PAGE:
Amb. Thomas Melady argues that military intervention in Syria cannot be justified

September 23, 2013  |  ARTICLES

This article by Amb. Thomas P. Melady, Senior Diplomat in Residence at IWP, was originally published on the website of Catholics in Alliance for the Common Good.

From the editor at Catholics in Alliance: Classic just war theory sets out five requirements, all of which must be met, for a resort to military force to be morally justified. Rooted in the writings of St. Augustine, refined by St. Thomas Aquinas, and still central to official Church teaching, just war theory remains the most morally rigorous means of assessing the issues of justice and war. In this essay for Catholics in Alliance for the Common Good, Thomas Melady, former U.S. ambassador to Burundi, Uganda, and lastly the Holy See, recalls this classic teaching, applies it to Syria, and concludes that U.S. military force is not justified.

Military Intervention in Syria Cannot be Justified
ByThomas Melady, former U.S. ambassador to Burundi, Uganda, and the Holy See

As the world community reflects on the situation in Syria, many proposals are under consideration. Some of us have observed that little consideration has been given to the classical question - can a military strike against Syria be morally justified? It might be worthwhile to consider an historic moral standard that has been used over the centuries. Let us now look at the facts.

The head of the Syrian government, Bashar al-Assad, has used chemical weapons in Syria. These weapons were used against the Syrian people! The core accusation is that these weapons were used to kill innocent people including children. Some would say that it makes little difference whether it was chemical weapons or conventional weapons. There is no question that chemical weapons were used. The results for the world to see on television presented a horrible picture.

The just cause in this situation would be to prevent additional people, especially civilians, and very especially children, from being killed. Some would say that this in itself is a just cause for military action in the current case of Syria.

The second requirement to justify military action is that this use of force must be the last resort. In my opinion, there is no evidence that every effort and every possibility has been exhausted. The United Nations was ignored. The reason given was the assumption that Russia and China would not, within the framework of the United Nations, seriously discuss ways and means to resolve the Syrian challenge with the use of military force. But was there a serious effort to involve these two governments?

In order to avoid reckless and haphazard use of force, the advocates of applying the just war criteria have argued that success must at least beprobable. There could be many discussions about how probable such action would be in the case of Syria. There is, however, no record of any serious discussion on the subject of probable success.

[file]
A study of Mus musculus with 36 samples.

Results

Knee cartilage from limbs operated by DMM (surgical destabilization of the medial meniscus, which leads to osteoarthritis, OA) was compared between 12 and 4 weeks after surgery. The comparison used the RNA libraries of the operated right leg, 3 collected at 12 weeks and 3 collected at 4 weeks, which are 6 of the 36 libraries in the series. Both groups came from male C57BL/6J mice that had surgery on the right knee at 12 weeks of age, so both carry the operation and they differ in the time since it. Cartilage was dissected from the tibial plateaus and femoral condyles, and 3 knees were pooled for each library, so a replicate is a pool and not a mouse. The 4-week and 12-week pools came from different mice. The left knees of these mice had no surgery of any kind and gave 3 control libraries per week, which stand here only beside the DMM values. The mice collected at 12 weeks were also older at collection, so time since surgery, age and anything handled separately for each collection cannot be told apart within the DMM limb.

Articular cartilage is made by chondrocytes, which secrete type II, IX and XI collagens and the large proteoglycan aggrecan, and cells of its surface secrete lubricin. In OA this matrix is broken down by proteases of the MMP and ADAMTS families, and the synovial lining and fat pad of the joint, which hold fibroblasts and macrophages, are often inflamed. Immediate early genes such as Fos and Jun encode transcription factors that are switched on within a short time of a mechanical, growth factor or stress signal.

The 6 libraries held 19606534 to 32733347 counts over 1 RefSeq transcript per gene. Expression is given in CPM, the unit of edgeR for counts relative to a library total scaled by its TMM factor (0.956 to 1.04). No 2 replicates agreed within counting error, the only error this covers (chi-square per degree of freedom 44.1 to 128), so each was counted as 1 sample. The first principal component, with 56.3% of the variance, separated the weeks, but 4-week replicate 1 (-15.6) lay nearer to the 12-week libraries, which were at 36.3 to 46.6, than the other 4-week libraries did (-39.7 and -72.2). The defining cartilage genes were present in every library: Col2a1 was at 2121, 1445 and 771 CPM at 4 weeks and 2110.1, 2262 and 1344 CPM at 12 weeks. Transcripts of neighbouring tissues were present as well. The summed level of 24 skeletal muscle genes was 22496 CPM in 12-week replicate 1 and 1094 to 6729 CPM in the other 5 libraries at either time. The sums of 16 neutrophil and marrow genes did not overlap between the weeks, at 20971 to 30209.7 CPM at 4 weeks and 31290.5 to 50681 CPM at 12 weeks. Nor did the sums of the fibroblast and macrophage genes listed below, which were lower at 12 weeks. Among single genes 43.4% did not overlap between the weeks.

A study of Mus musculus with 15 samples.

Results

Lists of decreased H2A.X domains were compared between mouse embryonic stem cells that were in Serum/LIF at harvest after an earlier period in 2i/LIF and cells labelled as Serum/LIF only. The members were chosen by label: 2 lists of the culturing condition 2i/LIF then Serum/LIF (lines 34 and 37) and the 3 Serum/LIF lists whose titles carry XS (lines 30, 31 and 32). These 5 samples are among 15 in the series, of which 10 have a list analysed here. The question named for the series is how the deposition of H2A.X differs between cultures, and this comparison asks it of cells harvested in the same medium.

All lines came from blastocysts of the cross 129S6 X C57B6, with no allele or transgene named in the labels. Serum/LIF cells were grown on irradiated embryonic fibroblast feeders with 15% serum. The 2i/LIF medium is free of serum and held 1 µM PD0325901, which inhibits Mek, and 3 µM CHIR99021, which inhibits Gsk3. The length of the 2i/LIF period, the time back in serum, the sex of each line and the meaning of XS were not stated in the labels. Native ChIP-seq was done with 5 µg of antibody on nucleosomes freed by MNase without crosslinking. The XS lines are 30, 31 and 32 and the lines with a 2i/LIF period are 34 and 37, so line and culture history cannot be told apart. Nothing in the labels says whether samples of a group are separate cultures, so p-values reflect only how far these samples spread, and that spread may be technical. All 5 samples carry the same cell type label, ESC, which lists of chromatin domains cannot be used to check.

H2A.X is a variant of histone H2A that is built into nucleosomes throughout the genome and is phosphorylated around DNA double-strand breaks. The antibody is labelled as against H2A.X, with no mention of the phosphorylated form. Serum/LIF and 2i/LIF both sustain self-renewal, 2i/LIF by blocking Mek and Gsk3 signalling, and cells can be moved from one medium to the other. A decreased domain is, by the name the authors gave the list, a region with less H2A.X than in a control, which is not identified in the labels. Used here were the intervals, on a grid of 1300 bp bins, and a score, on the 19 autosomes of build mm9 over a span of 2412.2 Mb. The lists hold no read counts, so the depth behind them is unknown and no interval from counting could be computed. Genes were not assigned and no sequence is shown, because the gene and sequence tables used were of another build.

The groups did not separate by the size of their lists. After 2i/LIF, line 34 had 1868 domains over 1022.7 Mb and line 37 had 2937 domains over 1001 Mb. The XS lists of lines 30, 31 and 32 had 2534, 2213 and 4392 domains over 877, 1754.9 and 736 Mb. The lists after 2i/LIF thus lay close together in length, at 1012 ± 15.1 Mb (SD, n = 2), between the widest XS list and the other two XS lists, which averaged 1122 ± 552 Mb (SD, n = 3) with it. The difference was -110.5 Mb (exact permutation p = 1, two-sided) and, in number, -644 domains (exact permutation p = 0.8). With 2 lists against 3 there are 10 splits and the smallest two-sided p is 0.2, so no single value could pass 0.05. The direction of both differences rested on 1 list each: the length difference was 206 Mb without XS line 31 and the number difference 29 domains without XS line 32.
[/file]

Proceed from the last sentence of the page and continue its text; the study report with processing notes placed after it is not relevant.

There was certainly extensive discussion about the question of the means, and that the means must be proportionate. In this regard President Obama, in his national address to the American people, was obviously concerned about making this point. It was not his intention to authorize a massive military strike, but one that would demonstrate the concern of the civilized nations that a nation had used a gas attack and had used it against civilians including children.

A final requirement for a declaration that a proposed military action is a just military action is that it be initiated by a legitimate authority. The Security Council of the United Nations is the usual mechanism for the enforcement of international law. The United States government is entitled to defend itself, but it has no special authority to enforce the Chemical Weapons Treaty, and there has been no Security Council resolution, or even a resolution from the Arab League, deputizing the American government to enforce a breach, even an egregious breach, of international law.

Some in the world have dismissed any consideration of the question - would the undertaking by the United States of military action in Syria at this time meet the standards long advocated for being declared a just war?  In my opinion, while the current situation in Syria is emotionally disturbing, especially the serious allegation that a gas attack was used against civilians including children, it does not qualify for justifying intervention by the United States as a just war. The United States, in my opinion, should demand that the international community give more serious attention to utilizing traditional diplomacy and negotiation. The rush to war is dangerous. I remember while serving as US ambassador to the Holy See, Pope John Paul II asked me to give a message to the then-President of the United States, George H.W. Bush. The message was a simple declarative sentence. I remember it as if he told me yesterday, "The road to war is the road of no return." He further asked me to advise the President to avoid war and to continue pushing for peace.

Pope Francis, speaking with Jordanian King Abdullah II, said that dialogue and negotiations are "the only option for putting an end to the conflict and violence." In order to emphasize what he said, Pope Francis called for a day of fasting for peace.

Both from the standpoint of historical teaching and what contemporary church leaders are saying, the Catholic response should be the use of military force in this situation should be avoided.